The Carousel of activities….just what is it and how does it work?
Let me say up front that I am not a great fan of the “carousel” of activities – I haven’t used them much and to be honest they don’t suit my style of teaching.
At the end of the day, the carousel is a teaching and learning alternative that may or may not add to the teaching and learning experiences of the pupils in your classroom – it may suit some colleagues and may not suit others….I fall into the 2nd category!
I have cast my mind back over my years in teaching for examples of when I had adopted a carousel approach – there have not been many. Yes, there have been occasions when I may have had 3 or 4 things going on in my classroom and perhaps over the course of a day or 1/2 day the children moved between them…but these tended to be for special events and I never, to my own recollection ever timetabled in carousel activities.
Except that is, until the time the “literacy hour” was introduced.
I will not, at this juncture, wax lyrical about the merits of the literacy hour…because quite frankly there were non – however one of its flagship approaches (and failures) was the carousel of activities.
This is how we were advised to implement and operate the carousel….
- The class was to be divided in 5 groups
- Following a whole class start looking in depth at a “big book” the class would split into groups to do follow up work on the text or other literacy activities.
- The Teacher would work with one group which looked in further depth at the book
- The carousel activities would last 20-30 minutes
- Plenary etc…
So following the start the class was now in 5 groups – which of course were intended to switch around the activities every day of the week.
Now here’s some of the logistics of how it operated…I will factually write these and you can then make up your own mind.
- The teacher is focusing on 1 group for the whole of the carousel time
- Interaction with other groups or individuals is not possible without disturbing what you are doing
- Behaviour management for the whole class is much harder to operate
- You have no idea how the carousel activities are being completed
- You have no input on presentation
- You are unable to correct a pupil who has either no idea what to do or has taken the completely wrong approach
- It is only when you receive the books to mark that you see just how successful the activities have been completed – or not as the case may be….of course then it is too late and tomorrow we move onto the next activity!
- As each carousel activity level should be differentiated to suit the group, it is necessary to adjust or change the activity sometimes on a daily basis across some or all the groups
- What about SEN pupils?
For me and for many, the failings were obvious and apparent; to be fair as teachers we did give it a go – but it could never last for long and even the pupils complained about how bad it was!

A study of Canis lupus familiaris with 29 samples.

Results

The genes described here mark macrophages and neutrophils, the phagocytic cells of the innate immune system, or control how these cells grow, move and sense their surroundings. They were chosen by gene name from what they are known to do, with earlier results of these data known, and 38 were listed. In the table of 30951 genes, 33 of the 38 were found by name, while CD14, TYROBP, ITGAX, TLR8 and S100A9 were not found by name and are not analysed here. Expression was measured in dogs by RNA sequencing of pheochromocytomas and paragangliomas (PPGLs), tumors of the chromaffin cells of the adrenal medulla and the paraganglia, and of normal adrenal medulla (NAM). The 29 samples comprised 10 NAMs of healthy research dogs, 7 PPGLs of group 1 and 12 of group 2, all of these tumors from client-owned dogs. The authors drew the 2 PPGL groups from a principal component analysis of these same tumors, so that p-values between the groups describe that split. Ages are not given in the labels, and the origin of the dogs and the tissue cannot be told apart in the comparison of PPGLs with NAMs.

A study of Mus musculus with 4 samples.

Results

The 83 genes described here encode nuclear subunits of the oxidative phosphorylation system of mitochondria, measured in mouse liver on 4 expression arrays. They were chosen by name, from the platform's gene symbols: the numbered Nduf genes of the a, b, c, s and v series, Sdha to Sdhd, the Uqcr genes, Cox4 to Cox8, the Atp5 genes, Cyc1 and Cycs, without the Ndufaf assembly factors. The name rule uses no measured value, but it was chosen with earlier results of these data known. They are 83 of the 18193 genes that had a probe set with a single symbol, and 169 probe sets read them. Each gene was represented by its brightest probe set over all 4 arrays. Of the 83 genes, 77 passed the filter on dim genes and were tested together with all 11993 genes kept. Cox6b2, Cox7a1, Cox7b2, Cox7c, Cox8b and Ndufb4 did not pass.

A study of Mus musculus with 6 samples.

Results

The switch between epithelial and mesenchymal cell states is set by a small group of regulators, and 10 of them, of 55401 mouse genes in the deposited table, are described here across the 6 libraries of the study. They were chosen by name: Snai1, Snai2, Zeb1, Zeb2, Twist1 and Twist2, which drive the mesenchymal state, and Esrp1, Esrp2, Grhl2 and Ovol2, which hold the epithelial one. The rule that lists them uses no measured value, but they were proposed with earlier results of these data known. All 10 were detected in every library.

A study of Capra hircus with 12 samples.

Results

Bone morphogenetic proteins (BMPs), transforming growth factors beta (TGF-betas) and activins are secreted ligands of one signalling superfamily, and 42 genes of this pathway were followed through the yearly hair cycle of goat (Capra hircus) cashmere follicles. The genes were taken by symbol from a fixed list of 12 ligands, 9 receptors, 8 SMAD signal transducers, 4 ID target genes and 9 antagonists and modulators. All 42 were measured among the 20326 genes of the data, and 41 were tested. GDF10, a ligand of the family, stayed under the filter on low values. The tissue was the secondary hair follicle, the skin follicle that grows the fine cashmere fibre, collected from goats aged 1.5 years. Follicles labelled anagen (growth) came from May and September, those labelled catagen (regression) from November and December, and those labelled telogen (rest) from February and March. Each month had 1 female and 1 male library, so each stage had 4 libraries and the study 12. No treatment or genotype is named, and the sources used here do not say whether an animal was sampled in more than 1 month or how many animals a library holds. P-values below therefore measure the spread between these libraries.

Aside from its use in the Literacy hour, can we still use a carousel approach today in our teaching?
Its an open question and the answer has to come from you – teaching is about developing your own style and approach and that’s one of the great things about the profession. What works for 1 teacher may not either appeal or work for another. So what I would say is that…bearing in mind the above list of possible flaws – if it suits your teaching style and class organisation and is ultimately successful for your pupils then by all means use it.
At the moment the use of carousels seems to be centred around guided reading in class – but in order to achieve this with small groups there is a necessity to again split the class into groups and set work…probably based around the “weeks text” to be done independently by the pupils. In such a way the above list of problems may become apparent.
There is also a risk to the relevance of the material that is being given to the groups not involved directly with the teacher. In fact I have noticed recently requests being made for “game ideas” for groups in this literacy time – which of course acts solely as holding materials rather than learning opportunities.
We do of course see examples of working carousels in Early Years and Y1 classrooms, where the children easily adapt to the structure and move seamlessly around the activities. However, here, the whole approach to learning is of a different nature, as is of course the curriculum and the assessment of children’s progress and development – so perhaps not a valid comparison for the rest of the school…but a good example nonetheless.
So in answer to the question “do carousels work?” – I would say this. The use of carousels is a teaching option which you may or may not employ. It may suit your own classroom organisation and style but ultimately has to match both the material studied and also the nature of the children that you have in your class.
At the end of the day – it is the children’s learning, progress and achievement that is paramount and whichever method optimises this then justifies its use.